TV3 news and current affairs director Mark Jennings is putting a brave face on a ratings slide for 3 News against One News, saying "these are challenging times for us".
Nielsen TAM ratings show a big slide since January last year, when the two news shows were nearly level-pegging. Today, TVNZ says the gap between them is the widest it has been for 10 years.
On Tuesday, One News attracted 42.1 per cent of the 25-54-year-old audience and 3 News had 14.8 per cent, says TVNZ.
"News ratings will always be cyclical and I have seen them ride up and down a lot in the last 20 years," said Jennings. "Our turn will come again.
"I am hoping that when we launch our new 7pm current affairs show, Story, it will give us a boost." He also saw promise in a small rise in the Paul Henry breakfast ratings.
Jennings is correct that the slide at 3 News is partly the result of a poor 5.30pm lead-in to the news.
But in my opinion, a dramatic fall over many months is caused by more than that.
The shift to TVNZ is also about more people recognising a dual-personality element at TV3, which does break news stories but sometimes embarks on tabloid coverage and personalised rants.
All media companies are going through change, but some TV3 staff say news and current affairs no longer has the central place at MediaWorks that it once did.
Jennings has a lot of faith in Story, but there are scant details about its resources and whether it is on target to launch on August 10.
And the success of Story relies on growth at 3 News, and there are no signs of any new initiatives there.
MediaWorks sources acknowledge that the company has previously considered changing 3 News to a half-hour show. It might work, but you can bet that if TV3 goes to half an hour, TVNZ would follow soon after.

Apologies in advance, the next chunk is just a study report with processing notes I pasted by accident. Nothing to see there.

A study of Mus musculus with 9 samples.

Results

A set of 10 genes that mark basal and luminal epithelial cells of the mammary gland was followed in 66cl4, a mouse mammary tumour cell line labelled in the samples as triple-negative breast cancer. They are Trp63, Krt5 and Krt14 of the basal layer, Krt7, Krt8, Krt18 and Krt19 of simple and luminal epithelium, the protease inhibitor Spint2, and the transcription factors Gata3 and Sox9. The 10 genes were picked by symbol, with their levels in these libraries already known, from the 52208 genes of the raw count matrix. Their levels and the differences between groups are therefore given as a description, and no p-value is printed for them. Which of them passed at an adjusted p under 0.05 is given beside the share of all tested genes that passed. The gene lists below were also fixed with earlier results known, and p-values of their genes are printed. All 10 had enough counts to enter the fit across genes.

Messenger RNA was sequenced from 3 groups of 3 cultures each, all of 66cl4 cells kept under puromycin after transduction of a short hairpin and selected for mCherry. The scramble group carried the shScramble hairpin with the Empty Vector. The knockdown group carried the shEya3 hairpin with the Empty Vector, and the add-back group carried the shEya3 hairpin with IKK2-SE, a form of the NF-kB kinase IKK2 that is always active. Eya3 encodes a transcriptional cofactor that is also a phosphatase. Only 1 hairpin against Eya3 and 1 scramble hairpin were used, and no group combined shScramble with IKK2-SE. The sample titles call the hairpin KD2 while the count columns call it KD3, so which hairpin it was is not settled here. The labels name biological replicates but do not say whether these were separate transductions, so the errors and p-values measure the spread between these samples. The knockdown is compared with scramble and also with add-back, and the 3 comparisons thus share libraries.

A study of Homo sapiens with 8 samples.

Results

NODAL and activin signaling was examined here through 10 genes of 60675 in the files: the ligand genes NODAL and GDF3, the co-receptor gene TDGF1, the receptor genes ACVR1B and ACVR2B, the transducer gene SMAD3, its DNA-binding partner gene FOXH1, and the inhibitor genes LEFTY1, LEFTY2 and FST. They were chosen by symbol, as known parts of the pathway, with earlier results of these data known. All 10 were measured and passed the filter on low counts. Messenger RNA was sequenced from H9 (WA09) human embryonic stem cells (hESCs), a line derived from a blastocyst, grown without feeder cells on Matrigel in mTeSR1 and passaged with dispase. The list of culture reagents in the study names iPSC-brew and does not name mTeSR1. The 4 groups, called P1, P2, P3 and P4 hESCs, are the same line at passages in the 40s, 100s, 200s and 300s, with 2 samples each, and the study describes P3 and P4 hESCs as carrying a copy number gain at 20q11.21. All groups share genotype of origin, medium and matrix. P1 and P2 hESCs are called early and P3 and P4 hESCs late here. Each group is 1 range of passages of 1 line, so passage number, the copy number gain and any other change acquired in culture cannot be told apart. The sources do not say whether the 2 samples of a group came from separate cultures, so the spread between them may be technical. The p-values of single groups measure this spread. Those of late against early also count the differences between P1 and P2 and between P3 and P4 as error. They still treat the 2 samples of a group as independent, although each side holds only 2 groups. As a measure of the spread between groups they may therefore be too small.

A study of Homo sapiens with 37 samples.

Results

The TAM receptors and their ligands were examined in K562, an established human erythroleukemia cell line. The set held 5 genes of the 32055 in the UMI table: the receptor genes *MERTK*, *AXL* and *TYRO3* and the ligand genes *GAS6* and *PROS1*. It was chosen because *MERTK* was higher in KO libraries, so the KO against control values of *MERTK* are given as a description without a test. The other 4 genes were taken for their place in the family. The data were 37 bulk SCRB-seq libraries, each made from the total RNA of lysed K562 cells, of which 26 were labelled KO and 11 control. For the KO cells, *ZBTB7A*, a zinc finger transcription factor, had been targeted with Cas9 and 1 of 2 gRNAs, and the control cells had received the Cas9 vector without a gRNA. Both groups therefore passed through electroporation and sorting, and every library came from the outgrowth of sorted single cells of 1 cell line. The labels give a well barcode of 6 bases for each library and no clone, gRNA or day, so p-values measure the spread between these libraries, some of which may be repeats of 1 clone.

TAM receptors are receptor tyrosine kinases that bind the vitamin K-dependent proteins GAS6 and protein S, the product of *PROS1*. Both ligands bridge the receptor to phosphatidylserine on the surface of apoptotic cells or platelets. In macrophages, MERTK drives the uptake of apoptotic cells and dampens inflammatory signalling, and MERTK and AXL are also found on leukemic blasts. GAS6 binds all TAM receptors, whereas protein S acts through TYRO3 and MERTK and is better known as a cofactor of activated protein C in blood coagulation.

This time unlucky
Many of TV3's ratings problems go back two years, when MediaWorks' receivers were unwilling to make a long-term commitment to the Australian soap Home & Away, which ran at 5.30pm and delivered a big audience to 3 News.
Soap operas are one of the few genres that can entice viewers to watch regularly at 5.30. TV3 has backed the US-owned production company Warner Bros NZ (formerly Eyeworks) to make it a new soap for the timeslot.
The funding agency NZ on Air was considering the proposal this week.
Although no decision has been announced, staff are understood to have advised the government-appointed board to deny the application, and the board would be unlikely to reject that advice.
One production industry source suggested the application was for about $10 million a year - a lot of money for a 5.30pm show.
NZ on Air routinely advises applicants in advance about staff recommendations, and one production industry source said MediaWorks was told in this case.
A lot rests on this and it would not be surprising if the Warner Bros project were to re-emerge in another form at the next NZ on Air meeting.
A commitment to subsidise a daily soap - with taxpayers paying about 75 per cent of the budget - would be valuable for Warner Bros and for MediaWorks' Los Angeles owner Oaktree Capital, as it looks to find a buyer for its Kiwi broadcasting asset.
RNZ catches viral boost
Sharp-eyed readers will have noticed the astonishing results Radio New Zealand recorded for its digital service The Wireless, and wondered if the figure of 1.57 million users for the year to date was a misprint.
But the numbers were boosted by the amazing pick-up of an item that went viral during May and June. The On A Plate comic strip by Auckland illustrator Toby Morris was picked up by the Boing Boing website on May 22, exposing it to a huge audience.
Huffington Post linked to it and the item broke into social networking shortly thereafter, initially on reddit, then on Facebook and Twitter. In the week after the item was posted, 160,000 views came via Facebook, 64,400 through reddit and 32,000 on Twitter.
A second wave of sharing on June 2 resulted in about 360,000 views on just that day, said Radio NZ spokesman John Barr.
The managing director of editorial outsourcing company Pagemasters, Peter Atkinson, was in Auckland this week planning for the downsizing of its New Zealand operation after NZME ended an eight-year relationship.
Atkinson said some staff would be moving when the sub-editing of titles went back to NZME, but it had not been decided how many jobs would go.
"It will be downscaled and moved to our other facilities, but we still intend to have a full-scale operation here [in New Zealand]."
The NZME decision to take its sub-editing functions back in-house is linked with the company's move to a new Auckland building this year and the convergence of its newspaper and radio operations.